Offa’s Dyke Path – Chepstow To Prestatyn
Offa’s Dyke Path was our choice of National Trail in May 2007. We had read good reports about the trail and also had recommendations from fellow walkers. We travelled by train to Chepstow and after dropping off our baggage decided to start the Offa’s Dyke Path that afternoon.
It was only a short walk of 1½ miles, as the Offa’s Dyke Path starts on the coastal side of Chepstow at Sedbury Cliffs. This overlooks the Severn Bridge and the mudflats of the River Severn.
Day 1 Chepstow To Monmouth (16 miles).
The Offa’s Dyke Path follows the River Wye at Chepstow and there is a great view of Chepstow Castle. The path runs above the limestone cliffs and reaches Wintour’s Leap, a great viewpoint over the river. Soon Dennel Hill was reached and the next 3 miles was through woodland covered in bluebells and wild garlic. Two excellent viewpoints on the woodland path were Plumweir Cliff and Devil’s Pulpit.
At Brockweir there is a choice of two routes on the Offa’s Dyke Path. The higher of the two routes goes over St Briavels Common, while the lower route follows the River Wye. We decided to take the river path, which runs for the next 3 miles. The two paths meet up again at Bigsweir. It was mainly woodland for the next 3½ miles to Lower Redbrook.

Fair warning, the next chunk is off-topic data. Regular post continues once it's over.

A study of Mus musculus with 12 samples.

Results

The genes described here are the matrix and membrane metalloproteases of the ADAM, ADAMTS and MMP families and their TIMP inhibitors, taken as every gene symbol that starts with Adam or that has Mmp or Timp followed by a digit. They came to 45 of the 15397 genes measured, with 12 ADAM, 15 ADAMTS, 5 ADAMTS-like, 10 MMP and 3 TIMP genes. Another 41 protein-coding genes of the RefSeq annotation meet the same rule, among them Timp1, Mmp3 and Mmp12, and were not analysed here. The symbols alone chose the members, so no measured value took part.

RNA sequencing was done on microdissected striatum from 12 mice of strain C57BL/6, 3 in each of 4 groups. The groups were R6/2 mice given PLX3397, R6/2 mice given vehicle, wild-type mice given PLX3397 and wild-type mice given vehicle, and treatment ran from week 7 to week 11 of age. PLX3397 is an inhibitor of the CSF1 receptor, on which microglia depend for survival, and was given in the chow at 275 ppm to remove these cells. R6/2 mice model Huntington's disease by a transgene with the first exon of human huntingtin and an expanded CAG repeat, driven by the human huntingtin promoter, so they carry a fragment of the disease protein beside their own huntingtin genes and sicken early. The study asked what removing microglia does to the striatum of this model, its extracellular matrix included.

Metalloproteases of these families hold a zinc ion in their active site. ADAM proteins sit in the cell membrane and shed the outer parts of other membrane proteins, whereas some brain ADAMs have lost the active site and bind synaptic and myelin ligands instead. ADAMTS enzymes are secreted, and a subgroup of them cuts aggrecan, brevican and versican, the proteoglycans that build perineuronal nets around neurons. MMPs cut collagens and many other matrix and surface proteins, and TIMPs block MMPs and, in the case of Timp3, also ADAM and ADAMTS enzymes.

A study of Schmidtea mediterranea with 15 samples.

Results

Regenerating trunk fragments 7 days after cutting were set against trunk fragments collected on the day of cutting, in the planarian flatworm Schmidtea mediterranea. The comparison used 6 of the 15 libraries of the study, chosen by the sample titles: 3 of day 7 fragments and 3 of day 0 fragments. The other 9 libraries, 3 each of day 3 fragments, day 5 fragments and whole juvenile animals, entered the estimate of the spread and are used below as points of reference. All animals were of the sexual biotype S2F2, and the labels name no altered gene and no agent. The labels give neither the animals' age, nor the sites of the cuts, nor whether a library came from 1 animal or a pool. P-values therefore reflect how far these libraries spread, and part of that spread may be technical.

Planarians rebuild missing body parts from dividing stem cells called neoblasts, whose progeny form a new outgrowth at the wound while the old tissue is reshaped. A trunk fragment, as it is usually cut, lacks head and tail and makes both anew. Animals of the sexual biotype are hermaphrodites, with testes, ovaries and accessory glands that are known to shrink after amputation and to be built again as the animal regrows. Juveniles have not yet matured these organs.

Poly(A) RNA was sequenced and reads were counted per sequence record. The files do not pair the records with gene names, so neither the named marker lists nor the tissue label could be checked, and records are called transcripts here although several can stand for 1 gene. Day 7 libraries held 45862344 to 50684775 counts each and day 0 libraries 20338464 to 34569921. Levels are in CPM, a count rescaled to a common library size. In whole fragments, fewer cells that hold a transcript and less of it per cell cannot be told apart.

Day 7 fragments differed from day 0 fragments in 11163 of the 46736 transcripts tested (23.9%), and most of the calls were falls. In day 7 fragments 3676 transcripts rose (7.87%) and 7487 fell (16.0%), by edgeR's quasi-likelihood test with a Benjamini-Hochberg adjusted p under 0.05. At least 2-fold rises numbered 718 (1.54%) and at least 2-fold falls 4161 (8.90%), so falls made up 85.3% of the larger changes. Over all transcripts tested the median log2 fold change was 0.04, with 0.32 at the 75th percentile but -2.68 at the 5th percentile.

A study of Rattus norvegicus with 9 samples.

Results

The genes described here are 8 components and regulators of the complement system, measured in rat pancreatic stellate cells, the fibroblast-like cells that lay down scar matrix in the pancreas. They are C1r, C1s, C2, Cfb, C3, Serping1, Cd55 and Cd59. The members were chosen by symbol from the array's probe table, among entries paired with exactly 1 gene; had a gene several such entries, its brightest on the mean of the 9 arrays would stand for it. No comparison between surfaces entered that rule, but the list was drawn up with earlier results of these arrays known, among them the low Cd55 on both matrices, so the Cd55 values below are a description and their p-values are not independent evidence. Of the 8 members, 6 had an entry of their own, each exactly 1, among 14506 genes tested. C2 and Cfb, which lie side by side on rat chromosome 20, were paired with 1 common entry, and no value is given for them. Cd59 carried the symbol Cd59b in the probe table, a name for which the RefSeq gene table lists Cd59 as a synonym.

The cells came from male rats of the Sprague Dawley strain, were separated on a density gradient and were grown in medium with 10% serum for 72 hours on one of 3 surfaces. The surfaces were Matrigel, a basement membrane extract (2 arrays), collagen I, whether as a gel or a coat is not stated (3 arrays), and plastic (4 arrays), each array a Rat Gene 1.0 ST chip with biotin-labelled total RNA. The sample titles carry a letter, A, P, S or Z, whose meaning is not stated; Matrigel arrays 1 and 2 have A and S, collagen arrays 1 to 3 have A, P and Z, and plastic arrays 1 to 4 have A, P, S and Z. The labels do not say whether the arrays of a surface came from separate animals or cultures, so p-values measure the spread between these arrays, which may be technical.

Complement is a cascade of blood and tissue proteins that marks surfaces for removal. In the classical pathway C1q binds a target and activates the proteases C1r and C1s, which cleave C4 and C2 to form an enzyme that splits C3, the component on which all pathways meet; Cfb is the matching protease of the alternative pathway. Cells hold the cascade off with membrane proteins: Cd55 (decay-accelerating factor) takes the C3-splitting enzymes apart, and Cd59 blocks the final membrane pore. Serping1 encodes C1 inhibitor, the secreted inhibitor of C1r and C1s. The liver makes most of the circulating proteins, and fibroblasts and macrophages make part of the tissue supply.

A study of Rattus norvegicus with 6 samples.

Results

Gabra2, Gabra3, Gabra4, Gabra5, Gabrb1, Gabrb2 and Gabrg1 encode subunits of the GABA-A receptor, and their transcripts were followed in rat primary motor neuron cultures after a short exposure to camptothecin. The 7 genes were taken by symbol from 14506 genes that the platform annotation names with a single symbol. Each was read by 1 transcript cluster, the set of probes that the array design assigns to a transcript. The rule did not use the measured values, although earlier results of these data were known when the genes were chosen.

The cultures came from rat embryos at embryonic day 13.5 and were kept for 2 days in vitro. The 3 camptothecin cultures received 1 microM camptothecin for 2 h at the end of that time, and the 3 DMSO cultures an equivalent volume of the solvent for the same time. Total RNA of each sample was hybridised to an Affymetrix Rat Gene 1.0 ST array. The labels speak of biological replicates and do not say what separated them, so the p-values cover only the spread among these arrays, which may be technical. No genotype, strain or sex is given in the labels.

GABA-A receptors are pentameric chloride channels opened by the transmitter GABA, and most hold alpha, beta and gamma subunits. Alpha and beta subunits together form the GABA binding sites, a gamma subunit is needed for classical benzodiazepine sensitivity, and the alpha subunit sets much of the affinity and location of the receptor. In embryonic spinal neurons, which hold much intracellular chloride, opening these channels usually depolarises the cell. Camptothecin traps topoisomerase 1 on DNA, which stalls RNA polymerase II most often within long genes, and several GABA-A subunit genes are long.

Another 2 miles and we arrived at the Naval Temple and Round House, now National trust properties. This spot provided good views down to Monmouth. From here it was all downhill to Monmouth, the journey only broken by a pub stop before the town. Our accommodation for the evening, the Queen’s Head Hotel was a disaster. The rooms and bathrooms were filthy and judging by the Trip Advisor reviews in 2012, it hasn’t changed much. The only consolation was that we did not pay for the rooms or breakfast.
After complaining and getting the rooms clean, or as clean as possible, we were offered complimentary drinks before going out for a curry meal. The breakfast was inedible and how such places stay in business is a mystery.